Saturday, June 10, 2017

"Romeo and Juliet" by Mission Theatre Company at the Crane Theater

As of this week, I've seen Romeo and Juliet nine times in some form or other (not counting West Side Story, its most successful adaptation). Not because I particularly love Romeo and Juliet (although I still remember a few lines I memorized in high school English class many years ago). But because it's done a lot (the Guthrie is opening their season with it this fall). So why do it again? Why see it again? Romeo and Juliet still fall in love at first sight. Romeo still kills Tybalt. Romeo and Juliet still react to his banishment with despair rather than just running away together. And the friar's stupid messenger still fails to deliver the message, resulting in the senseless death of both of these teenagers. But there's a reason it's done so often and has inspired so many adaptations (the latest being James Corden and Emily Blunt's musical version). It's a story of love, crazy stupid irrational love, in the face of hate and violence. Mission Theatre Company promises a Romeo and Juliet like you've never seen before. And they deliver, with an energetic and physical adaptation that builds from romantic comedy to tragedy over two intense hours with no intermission.

When the cast walked out with glittery mask-like make-up around their eyes, I thought for a second I was at Midsummer. This production almost has the dreamlike fairy quality of Shakespeare's most famous comedy rather than his most famous tragedy. The six ensemble members, some of whom double as characters, often act as a chorus onstage, sometimes reciting a few lines, sometimes singing, and more often silently moving around the stage adding to the emotion of the scene. Another unique feature of this production is that under director Penelope Parsons-Lord, the cast delivers many of the lines with a pause after the first word, typically a preposition or conjunction. It's an interesting take that allows the audience to experience these familiar lines in a different way, and creates a sense of antici... pation.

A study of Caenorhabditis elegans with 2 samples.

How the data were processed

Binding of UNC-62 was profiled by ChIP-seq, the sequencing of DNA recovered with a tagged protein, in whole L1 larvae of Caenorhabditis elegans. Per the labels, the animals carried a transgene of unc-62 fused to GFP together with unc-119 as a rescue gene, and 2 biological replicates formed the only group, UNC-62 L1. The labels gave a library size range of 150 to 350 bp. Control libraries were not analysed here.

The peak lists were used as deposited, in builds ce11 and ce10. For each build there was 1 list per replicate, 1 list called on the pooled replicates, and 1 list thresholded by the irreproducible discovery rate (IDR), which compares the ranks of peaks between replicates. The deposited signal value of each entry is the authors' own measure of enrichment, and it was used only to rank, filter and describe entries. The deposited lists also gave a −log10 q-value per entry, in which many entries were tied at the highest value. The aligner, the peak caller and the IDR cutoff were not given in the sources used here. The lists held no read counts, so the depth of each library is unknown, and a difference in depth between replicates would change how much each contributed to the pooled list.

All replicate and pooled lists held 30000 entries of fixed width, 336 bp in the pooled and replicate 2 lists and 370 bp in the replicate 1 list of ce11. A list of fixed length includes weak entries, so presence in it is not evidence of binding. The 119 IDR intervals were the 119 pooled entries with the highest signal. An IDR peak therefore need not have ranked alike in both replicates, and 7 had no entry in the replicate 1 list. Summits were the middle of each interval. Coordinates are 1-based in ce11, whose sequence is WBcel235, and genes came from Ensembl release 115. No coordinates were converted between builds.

the ensemble of Romeo and Juliet
(photo courtesy of Mission Theatre)
The strong young cast is led by Bethany McHugh and Vincent Hannam (reminiscent of a young T.R. Knight), who make a charming Juliet and her Romeo, full of youthful energy, innocence, and passion. Typically there are only three roles for women other than Juliet: her mother, her nurse, and Romeo's mother. Mission Theatre has remedied this imbalance by casting women in some of the male roles, including Romeo's pals Benvolio (Ashley Hovell) and Mercutio (Tamara Koltes). They changed some of the pronouns, which probably wasn't necessary, but the switch totally works and should be done more often in these classic male-heavy plays. Other highlights in the cast include Amy Vickroy as Juliet's boozy housewives-esque mother, John Stark bringing a bit of comedy as the pompous Paris, and Eric Balcerzak as an almost too violent and scary Lord Capulet.

The story unfolds on a multi-level set that looks less like buildings in a city than rocks in the wild, adding to the dreamlike fairy quality of the production. Each time a character dies, red rose petals are strewn over them; by the end of the show the stage is littered with rose petals. The cast is dressed in fairly simple costumes, including cool black sleeveless tunics with a hood/cowl for the ensemble, and tunics or dresses with a little bit of sheen for Capulets and Montagues (set design by Leazah Behrens, costume design by Penelope Parsons-Lord). Recorded music and live singing with a sort of '60s vibe is used sparingly throughout, including the songs "Do You Believe in Magic" and "You'll Be A Woman Soon."

In experiencing the divided city of Verona, I couldn't help but think of our divided nation. Today's Capulets and Montagues are Democrats and Republicans, liberals and conservatives, blue states and red states, and anything else we use to divide the world into us and them. A plague on both our houses if we can't figure out a way to work together, to choose love over hate, like these two foolish and brave children.

Romeo and Juliet continues at the Crane Theater through June 17.